The Tale of a Draft Horse
First of all, a little bit of history. Draft and other breeds considered “harness horses” commonly had their tails docked (or amputated, both terms are correct) for 2 main reasons: so the long hair wouldn’t become tangled in the harness and so that the horse couldn’t get their tail bone over the reins. People partaking in this arguably barbaric practice justified it by saying that the underside of the tail is sensitive and when the horse feels a foreign object underneath the tail, they automatically clamp down and panic [quick interjection: we’d like to know how well they’d react to the sudden appearance of a foreign object in their tailbone region!] – at which point, because of the clamping, when the horse bolted the reins were no longer effective and ‘holding on to your horses’ (as is so commonly suggested) was no longer an option.
At this point our common sense forces us to ask whether these issues aren’t reasonably easy to rectify? 1: braiding or wrapping the tail would take care of the loose hairs and 2: proper introduction to and training of harnessing would acclimatize the horse to having foreign objects in contact with the underside of their tails. We would like to know why, with all of the incredible ingenuity in this world, are people STILL permanently disfiguring horses and not looking to remedy the issue through improving the design of the harness itself? But then it’s not really about performance and safety, is it? Not according to this quote we found on the Alberta Farm Animal Care website,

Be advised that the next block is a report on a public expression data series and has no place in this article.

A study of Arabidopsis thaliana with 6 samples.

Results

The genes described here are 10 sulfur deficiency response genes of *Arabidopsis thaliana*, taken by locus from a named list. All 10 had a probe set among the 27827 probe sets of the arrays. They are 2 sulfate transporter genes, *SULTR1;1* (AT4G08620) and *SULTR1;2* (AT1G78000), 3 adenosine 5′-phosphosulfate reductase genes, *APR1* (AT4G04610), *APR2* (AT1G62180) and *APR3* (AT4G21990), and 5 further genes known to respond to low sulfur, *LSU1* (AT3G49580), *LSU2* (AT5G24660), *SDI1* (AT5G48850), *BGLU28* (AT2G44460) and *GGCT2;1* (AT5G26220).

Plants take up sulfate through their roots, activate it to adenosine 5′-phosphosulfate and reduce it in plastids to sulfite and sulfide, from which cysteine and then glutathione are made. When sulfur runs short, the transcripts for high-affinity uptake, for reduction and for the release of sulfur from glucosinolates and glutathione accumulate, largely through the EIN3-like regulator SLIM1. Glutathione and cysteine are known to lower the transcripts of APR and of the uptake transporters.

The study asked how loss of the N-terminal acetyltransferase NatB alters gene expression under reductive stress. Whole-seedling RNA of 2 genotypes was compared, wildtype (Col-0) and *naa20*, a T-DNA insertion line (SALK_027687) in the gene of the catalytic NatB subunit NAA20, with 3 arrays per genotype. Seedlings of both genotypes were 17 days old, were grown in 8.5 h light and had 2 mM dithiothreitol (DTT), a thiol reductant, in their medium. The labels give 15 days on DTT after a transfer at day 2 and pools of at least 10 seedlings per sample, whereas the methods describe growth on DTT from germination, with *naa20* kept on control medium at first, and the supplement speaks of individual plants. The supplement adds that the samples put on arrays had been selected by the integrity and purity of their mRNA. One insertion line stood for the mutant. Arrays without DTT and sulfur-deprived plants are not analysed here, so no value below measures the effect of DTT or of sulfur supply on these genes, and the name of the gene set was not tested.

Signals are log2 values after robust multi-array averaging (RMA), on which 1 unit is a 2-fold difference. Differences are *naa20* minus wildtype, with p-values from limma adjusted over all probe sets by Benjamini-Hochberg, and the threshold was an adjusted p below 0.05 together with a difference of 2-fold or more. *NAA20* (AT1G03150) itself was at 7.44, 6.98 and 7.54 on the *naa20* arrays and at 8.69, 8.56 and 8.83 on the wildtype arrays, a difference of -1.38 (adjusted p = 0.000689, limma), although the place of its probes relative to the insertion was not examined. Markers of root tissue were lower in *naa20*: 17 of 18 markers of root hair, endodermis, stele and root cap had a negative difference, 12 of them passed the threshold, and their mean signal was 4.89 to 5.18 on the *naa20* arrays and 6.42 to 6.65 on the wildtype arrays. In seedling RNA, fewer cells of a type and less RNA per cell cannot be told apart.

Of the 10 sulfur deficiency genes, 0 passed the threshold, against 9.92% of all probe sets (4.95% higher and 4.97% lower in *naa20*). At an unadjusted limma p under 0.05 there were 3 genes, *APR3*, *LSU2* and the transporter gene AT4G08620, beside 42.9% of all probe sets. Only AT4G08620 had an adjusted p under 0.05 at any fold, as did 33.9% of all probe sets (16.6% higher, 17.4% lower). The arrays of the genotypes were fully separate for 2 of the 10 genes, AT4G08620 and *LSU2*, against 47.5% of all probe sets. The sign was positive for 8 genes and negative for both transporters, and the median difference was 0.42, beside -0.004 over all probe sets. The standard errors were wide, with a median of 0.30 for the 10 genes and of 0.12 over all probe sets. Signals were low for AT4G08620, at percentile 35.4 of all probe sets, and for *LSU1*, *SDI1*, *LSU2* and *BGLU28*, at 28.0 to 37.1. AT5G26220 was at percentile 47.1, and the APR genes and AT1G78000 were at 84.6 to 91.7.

“Greg Ruzicka uses heavy horses in his PMU operation. “Tail docking keeps the horses cleaner in the barn and easier to manage.” Undocked heavy horse tails tend to be more thick and unruly than in lighter breeds”
Oooh ok, we get it now. You’re willing to hurt your horse with the initial procedure and consequently deny them their only protection against flies and other biting insects because YOU DON’T WANT TO CLEAN THEIR TAILS!
Case in point: The following is a draft horse available for sale on equine.com.
He is advertised as a Belgian Draft and his disciplines are noted as trail horse and field hunter. There is no mention of driving or being harness trained. So why is his tail docked?
And on the opposite end of the spectrum, also from equine.com, we have this beautiful Belgian draft mare for sale.
Notice how she has all of her tail? She’s advertised as a trained draft and harness horse.
Something else to consider: Pony breeds, such as the Norwegian Fjord, that are commonly used to pull carts – well it’s not so common for their tails to be docked – as shown here from equinenow.com.